Supreme Court allows woman in Maharashtra to abort 26-week foetus with heart condition | mumbai news | Hindustan Times

This is the first instance in which SC has defied the medical report.

mumbai Updated: Aug 11, 2017 00:19 IST
Sadaguru Pandit

The Supreme Court allowed a 23-year-old pregnant woman from Satara to terminate her 26-week pregnancy on Thursday. The petitioner’s lawyers welcomed the verdict since the report submitted by BJ Medical College had said advised otherwise.

The report had said that continuation of pregnancy did not pose as a ‘risk to the life of the mother’.  This is the first instance in which SC has defied the medical report. In past cases, abortion has been allowed or denied based only on the medical report. 

The 26-week-old foetus was diagnosed with a continental cardiac anomaly known as Hypoplastic Right Heart Syndrome in the 22nd week of pregnancy. The anomaly causes underdevelopment of the right side heart chambers, valves and related blood vessels, hampering blood flow to lungs and oxygen levels. 

Doctors said the minute cardiac anomalies are only picked up after 20-22 weeks, unless latest technologies and highly qualified radiologists are involved.  On the request of SC, BJ Medical College submitted a report which said that numerous corrective surgeries, during and after the birth of the child will be needed but the rate of survival will remain negligible. However, the report also mentioned that pregnancy is not dangerous for the woman.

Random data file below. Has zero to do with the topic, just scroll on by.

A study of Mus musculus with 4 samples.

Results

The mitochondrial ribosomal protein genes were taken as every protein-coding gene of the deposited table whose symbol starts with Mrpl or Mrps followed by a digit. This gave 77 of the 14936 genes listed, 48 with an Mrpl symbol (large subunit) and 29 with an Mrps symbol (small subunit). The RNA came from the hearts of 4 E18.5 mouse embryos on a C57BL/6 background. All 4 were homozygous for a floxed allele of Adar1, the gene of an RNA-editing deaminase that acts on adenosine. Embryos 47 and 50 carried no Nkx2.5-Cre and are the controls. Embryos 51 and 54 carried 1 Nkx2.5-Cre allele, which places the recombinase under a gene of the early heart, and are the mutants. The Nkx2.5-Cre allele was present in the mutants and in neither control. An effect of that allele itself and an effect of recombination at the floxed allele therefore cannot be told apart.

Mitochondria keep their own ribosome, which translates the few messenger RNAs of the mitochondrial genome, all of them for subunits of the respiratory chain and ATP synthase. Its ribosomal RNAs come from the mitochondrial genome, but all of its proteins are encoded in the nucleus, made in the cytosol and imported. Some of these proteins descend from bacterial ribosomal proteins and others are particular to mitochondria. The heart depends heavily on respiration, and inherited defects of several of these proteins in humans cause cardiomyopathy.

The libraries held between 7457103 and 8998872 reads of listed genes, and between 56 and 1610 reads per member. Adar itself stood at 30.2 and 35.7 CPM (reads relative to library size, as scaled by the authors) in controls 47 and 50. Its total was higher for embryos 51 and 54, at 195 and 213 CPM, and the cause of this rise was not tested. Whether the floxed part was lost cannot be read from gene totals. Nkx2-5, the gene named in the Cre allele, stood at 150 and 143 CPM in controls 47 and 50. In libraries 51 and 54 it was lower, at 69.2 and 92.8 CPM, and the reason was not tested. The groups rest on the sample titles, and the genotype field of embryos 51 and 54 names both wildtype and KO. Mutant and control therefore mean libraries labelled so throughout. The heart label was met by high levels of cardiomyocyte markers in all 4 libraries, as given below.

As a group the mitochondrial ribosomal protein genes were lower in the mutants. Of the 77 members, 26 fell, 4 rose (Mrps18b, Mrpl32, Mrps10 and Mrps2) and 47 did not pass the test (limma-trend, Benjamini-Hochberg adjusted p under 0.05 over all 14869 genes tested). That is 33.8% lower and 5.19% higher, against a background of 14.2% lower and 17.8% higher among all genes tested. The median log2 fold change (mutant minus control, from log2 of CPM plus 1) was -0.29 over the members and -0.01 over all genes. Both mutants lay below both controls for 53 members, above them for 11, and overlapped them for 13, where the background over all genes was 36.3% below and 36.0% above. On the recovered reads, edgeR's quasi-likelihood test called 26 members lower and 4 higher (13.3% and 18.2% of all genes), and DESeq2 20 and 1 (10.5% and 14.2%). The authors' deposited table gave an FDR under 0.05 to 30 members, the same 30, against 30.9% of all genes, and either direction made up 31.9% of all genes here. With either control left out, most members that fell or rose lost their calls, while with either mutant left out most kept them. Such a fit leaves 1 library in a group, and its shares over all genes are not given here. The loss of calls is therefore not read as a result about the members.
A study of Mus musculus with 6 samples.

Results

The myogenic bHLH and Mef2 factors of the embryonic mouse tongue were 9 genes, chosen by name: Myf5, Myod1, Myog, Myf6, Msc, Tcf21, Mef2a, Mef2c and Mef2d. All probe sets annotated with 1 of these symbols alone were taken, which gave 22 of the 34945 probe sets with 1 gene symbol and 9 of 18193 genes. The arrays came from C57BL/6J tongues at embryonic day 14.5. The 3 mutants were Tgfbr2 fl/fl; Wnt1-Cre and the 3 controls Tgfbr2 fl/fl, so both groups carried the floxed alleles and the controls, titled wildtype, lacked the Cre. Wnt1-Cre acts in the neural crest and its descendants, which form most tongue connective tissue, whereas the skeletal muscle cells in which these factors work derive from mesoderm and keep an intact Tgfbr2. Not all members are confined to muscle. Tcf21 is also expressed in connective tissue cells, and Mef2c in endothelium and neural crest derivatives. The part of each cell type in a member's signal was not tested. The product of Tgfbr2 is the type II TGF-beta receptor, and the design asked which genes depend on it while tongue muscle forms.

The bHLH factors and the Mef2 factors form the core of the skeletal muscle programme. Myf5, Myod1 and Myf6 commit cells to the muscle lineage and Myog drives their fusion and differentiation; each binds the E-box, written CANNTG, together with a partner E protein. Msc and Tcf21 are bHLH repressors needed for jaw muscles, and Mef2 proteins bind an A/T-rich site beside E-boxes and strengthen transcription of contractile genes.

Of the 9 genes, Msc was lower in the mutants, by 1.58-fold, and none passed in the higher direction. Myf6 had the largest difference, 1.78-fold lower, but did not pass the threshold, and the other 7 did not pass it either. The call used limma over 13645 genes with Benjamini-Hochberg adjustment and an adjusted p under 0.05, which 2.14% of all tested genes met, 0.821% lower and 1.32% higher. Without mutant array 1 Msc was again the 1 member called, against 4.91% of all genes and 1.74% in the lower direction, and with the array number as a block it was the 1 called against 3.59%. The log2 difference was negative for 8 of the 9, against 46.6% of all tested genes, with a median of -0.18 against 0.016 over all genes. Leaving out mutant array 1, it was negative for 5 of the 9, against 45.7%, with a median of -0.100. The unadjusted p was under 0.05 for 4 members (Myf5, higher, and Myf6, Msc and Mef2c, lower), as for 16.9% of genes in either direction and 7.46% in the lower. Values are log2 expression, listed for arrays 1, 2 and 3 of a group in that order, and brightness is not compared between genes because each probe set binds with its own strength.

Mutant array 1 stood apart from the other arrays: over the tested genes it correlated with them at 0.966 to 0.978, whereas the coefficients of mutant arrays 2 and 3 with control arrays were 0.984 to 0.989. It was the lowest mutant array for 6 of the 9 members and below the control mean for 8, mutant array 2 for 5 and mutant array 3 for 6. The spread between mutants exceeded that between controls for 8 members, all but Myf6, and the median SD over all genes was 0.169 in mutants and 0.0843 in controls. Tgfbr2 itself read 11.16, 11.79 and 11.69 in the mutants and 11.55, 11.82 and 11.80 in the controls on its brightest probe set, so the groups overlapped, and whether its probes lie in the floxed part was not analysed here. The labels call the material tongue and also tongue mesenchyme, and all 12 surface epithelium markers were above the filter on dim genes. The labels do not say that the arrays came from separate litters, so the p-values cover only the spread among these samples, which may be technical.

“It wasn’t an open and shut case where there is definite answers for survival of the child and harm to mother. Moreover, since the report mentioned no risk to the mother, we explained the board about quality of life of the mother and child and effectiveness of corrective surgeries. After an hour, the board approved abortion,” said Sneha Mukherjee, lawyer of the petitioner. 

Experts from BJ Medical College said they were bound by the law to submit the report in the framework of Medical Termination of Pregnancy Act 1971. “We cannot suggest if the SC should or shouldn’t allow abortion. Even in this case, we informed the board about the feasibility of child survival but also made it clear that there was no physical danger to the mother’s life because there is none,” said one of the expert committee members. 

The expert added that interpretation of the report needs to include the woman’s mental health, family’s financial capability and availability of medical resources before taking a decision.